Follow the rules or die: notes on Trick 'r Treat
In the EC horror comics vein, Michael Doughtery's Trick 'r Treat chops up one Halloween evening in Sheeps Meadow, Ohio and tells four interwoven tales in a rearranged manner reminiscent of Pulp Fiction. Critics have belatedly raved about this 2007 film that Warner Brothers mysteriously never got around to releasing in theaters (it just came out on DVD). While the various stories are ingeniously arranged, and the film has the glossy slick look of a Tim Burton horror film complete with children singing in the soundtrack, I was impressed by the technique but underwhelmed by Trick 'r Treat's shock tactics and ironic reversals. Here are some notes:
1) Where's the horror in a film where just about everyone is a villain? We no sooner meet Principal Steven Wilkins than we learn that he's a serial killer with the awkward task of burying bodies in the backyard as his annoying young son yells down to him from upstairs about carving the jack-o-lantern. (Spoiler alert) Wilkins is so proficient at multipurpose Halloween naughtiness, he moonlights as a costumed seducer/killer of young women at the local parade. If the characters weren't wicked already, most of the innocent turn evil quickly, as if screenwriter Dougherty was worried we may get bored otherwise.
2) And what is the major crime here? Not following the rules of Halloween. For instance, if you blow out a jack-o-lantern before the night is over, you deserve death. If you play an evil prank on someone that causes a bump on the head, then of course you should expire. If you neglect to give trick or treaters candy, then watch out. And if you happen to bust up pumpkins on the way home, forget about it. A persnickety holiday formalism underlies much of the mayhem of the movie.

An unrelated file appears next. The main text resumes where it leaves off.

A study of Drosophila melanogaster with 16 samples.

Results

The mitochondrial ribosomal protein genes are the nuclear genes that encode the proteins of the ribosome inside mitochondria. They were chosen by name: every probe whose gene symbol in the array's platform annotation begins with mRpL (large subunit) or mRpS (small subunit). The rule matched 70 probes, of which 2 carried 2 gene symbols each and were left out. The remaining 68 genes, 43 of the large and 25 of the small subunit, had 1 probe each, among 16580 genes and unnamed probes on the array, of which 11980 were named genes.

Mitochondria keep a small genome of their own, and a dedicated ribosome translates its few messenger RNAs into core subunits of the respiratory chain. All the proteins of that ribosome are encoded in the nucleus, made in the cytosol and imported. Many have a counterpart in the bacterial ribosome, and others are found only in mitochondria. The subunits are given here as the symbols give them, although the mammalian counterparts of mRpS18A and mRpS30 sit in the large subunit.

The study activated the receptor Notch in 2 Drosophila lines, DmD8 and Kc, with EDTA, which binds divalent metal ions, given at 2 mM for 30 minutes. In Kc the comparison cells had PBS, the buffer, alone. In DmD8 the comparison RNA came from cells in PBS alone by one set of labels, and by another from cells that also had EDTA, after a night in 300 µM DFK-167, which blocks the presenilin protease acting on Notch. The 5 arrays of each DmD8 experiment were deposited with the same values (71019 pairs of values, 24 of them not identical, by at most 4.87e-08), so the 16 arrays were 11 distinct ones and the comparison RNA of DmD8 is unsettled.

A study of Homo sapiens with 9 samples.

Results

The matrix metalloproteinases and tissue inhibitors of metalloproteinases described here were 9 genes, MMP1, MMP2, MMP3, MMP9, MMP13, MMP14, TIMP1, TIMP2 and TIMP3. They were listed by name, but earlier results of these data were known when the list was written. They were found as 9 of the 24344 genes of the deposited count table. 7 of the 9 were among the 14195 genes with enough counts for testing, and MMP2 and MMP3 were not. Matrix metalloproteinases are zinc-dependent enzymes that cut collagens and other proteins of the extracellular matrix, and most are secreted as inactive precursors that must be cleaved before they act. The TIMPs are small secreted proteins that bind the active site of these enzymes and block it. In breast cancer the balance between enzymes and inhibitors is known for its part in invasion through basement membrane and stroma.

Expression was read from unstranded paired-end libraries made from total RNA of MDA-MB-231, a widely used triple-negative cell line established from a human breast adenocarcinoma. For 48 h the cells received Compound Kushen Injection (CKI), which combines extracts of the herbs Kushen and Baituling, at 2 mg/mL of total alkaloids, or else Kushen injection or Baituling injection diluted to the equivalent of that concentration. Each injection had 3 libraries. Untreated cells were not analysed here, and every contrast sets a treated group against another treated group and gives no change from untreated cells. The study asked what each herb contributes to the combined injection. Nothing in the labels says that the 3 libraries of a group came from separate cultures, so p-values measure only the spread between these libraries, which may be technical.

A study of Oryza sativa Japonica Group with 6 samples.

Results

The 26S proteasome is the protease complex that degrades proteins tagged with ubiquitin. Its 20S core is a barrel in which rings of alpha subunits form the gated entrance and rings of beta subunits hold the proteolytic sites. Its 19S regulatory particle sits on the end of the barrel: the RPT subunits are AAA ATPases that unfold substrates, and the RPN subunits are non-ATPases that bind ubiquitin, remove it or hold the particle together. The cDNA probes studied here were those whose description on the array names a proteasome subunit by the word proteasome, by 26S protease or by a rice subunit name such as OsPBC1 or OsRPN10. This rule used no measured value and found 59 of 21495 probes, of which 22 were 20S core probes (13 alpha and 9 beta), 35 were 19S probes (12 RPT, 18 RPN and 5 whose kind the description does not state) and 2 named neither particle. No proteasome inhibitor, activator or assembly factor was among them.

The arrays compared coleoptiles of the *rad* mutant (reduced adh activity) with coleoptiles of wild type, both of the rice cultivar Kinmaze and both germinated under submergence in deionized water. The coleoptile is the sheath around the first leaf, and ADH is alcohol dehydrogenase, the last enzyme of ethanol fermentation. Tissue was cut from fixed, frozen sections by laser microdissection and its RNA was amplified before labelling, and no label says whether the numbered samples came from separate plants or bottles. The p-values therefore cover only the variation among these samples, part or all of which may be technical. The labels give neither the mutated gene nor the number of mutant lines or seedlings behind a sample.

3) Anna Paquin plays a virginal Little Red Riding Hood figure named Laurie who's in search of a boyfriend. In comparison to her lewd, more aggressive friends dressed as Snow White, Cinderella, etc., Laurie just wants a date, and Paquin briefly achieves some pathos before her story ends. Since you never really get to know characters, you have to take their costumes at face value (and Dougherty likes to ironically reverse the connotations of their costumes). Thus the angel is evil, the witch is good, and so on.
4) The most satisfying scene: from Principal Wilkins' point of view, we see a man in the neighboring house screaming for help through the window just before he gets attacked. Wilkins says "Screw you," and ignores him. I did like knowing that the involuted structure of the film would reveal what happened several scenes later.
5) The most engaging story involves a bus full of criminally insane, costumed children that plunges into a rock quarry because their parents get sick of dealing with them, but the film never really culminates in a coherent sense of evil. Be it werewolves, evil child spirits, sadistic teenagers, or just plain people who hate Halloween, Trick 'r Treat has plenty of menace to go around, but much of it cancels itself out in a salad bar of horror tropes. Ironically, Trick 'r Treat succeeds most in the calm moments between each bloody narrative. A girl in a witch's costume from one story pauses to acknowledge the demon of another as they pass in the night. Donnie Darko would be proud.